The Sterling on the Lake community association filed a lawsuit late last month against the developer alleging a significant increase in sediment buildup in its watershed due to construction efforts, according to court documents. 

The community association filed the suit Dec. 21 in Fulton County Superior Court against real estate developer NNP-Looper Lake LLC and contractor Strack Inc. 

Sterling on the Lake is a 1,000-acre subdivision off Spout Springs Road that has been permitted for 2,000 homes.

According to the lawsuit, the sediment has been entering the property due to the development’s “failure of erosion and sedimentation measures, failure to properly implement and (maintain) stormwater erosion and sediment control measures during construction” and failure to moderate stormwater runoff to minimize downstream erosion. The result has been sedimentation on the “property, lakes, streams and waterway within the property,” according to the lawsuit.

In 2015, one of the lakes was dredged to remove some of the sediment, but the plaintiffs allege there has been a significant increase since construction began.


The plaintiffs allege the watershed must undergo “stream and tributary stabilization/rehabilitation, stormwater sewer system clean-out and sediment dredging of (the lake) at significant cost.”

A specific dollar amount is not listed in the lawsuit.

“The eroded soil, rock, sand, dirt, sediment, sediment-laden storm water, debris and water invasions caused by defendants’ actions and/or omissions have interfered with plaintiff’s exclusive right to possess its property,” according to the lawsuit.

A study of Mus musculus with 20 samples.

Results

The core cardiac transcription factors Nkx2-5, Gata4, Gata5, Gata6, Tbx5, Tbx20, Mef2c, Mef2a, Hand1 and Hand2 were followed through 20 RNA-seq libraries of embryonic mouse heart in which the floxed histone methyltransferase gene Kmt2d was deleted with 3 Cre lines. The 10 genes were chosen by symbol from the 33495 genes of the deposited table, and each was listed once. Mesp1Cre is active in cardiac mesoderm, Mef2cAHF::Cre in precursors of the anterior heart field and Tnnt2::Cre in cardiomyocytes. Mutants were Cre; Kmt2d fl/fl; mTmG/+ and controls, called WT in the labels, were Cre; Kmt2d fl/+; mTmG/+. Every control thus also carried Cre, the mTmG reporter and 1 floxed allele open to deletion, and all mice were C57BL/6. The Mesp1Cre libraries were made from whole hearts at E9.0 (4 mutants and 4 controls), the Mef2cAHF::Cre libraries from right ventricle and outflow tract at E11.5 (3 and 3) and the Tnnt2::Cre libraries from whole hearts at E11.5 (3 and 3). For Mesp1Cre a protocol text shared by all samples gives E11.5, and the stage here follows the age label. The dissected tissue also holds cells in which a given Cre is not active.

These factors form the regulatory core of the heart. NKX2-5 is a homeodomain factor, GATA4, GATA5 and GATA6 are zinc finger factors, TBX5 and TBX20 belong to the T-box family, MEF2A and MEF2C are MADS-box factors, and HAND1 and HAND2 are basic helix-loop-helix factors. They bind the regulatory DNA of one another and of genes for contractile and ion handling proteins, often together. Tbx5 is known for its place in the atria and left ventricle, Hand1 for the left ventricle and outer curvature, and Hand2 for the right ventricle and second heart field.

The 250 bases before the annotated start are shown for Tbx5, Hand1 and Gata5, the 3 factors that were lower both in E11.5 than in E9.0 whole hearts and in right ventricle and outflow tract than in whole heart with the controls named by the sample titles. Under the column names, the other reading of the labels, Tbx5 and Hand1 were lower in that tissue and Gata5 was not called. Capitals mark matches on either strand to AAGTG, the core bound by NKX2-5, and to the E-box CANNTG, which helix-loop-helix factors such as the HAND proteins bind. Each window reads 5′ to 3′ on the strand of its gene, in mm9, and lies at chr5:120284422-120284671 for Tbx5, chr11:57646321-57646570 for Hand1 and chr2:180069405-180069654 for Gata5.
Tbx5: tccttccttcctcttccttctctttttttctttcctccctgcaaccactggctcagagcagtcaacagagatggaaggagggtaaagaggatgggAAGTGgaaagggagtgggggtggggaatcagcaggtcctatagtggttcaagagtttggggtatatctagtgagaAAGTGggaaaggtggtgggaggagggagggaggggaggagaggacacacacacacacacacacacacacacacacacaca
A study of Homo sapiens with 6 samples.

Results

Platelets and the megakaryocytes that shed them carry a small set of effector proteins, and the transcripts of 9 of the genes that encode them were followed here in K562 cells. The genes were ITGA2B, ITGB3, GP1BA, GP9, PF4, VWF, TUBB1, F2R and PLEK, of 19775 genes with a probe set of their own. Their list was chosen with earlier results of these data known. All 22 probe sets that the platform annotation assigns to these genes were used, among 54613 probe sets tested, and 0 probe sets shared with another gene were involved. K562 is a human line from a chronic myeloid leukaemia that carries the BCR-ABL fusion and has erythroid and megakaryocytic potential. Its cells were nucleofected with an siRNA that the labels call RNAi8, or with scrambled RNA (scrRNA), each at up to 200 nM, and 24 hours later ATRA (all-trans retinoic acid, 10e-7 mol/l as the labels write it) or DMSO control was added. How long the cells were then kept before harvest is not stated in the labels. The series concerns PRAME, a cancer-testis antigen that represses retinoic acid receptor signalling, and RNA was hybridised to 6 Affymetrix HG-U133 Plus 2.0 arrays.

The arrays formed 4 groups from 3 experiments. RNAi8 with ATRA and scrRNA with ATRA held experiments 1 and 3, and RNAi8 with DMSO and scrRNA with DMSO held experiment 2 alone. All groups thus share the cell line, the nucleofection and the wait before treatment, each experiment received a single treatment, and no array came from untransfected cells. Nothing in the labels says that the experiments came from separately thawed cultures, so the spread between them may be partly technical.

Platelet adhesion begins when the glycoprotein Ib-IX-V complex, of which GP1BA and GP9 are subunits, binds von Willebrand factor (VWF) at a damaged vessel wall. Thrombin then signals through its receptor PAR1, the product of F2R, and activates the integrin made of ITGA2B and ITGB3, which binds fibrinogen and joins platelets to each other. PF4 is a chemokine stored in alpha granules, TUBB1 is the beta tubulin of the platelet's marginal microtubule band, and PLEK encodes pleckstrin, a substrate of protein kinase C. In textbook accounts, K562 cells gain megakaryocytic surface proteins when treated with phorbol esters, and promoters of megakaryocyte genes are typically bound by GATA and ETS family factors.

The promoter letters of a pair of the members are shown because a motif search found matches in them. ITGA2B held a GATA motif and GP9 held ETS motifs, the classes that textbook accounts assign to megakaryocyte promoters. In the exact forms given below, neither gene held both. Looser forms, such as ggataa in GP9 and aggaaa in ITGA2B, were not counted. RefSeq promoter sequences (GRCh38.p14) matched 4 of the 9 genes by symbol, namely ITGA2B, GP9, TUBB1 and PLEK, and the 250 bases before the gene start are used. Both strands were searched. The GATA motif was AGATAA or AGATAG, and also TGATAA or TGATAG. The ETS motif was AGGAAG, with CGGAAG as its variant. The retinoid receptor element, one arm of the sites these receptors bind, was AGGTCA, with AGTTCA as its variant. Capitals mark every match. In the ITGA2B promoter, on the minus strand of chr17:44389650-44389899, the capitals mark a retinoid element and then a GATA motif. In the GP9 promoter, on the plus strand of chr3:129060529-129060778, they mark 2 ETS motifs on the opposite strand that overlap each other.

The community association’s attorney Richard Capriola did not return a request for comment Thursday, Jan. 13.

Chris Whittaker, a representative of NNP-Looper Lake LLC and a vice president of operations at Brookfield Properties, declined to comment Thursday.

The Times left multiple messages seeking comment with Strack, but those requests were not returned.

The plaintiffs are seeking injunctive relief to stop any further water pollution and for the defendants to “restore the biological, chemical, ecological, recreational and aesthetic integrity of the property.” That includes the streams feeding into the property and the property adjacent to it.

The plaintiffs are also seeking damages to be determined in a trial.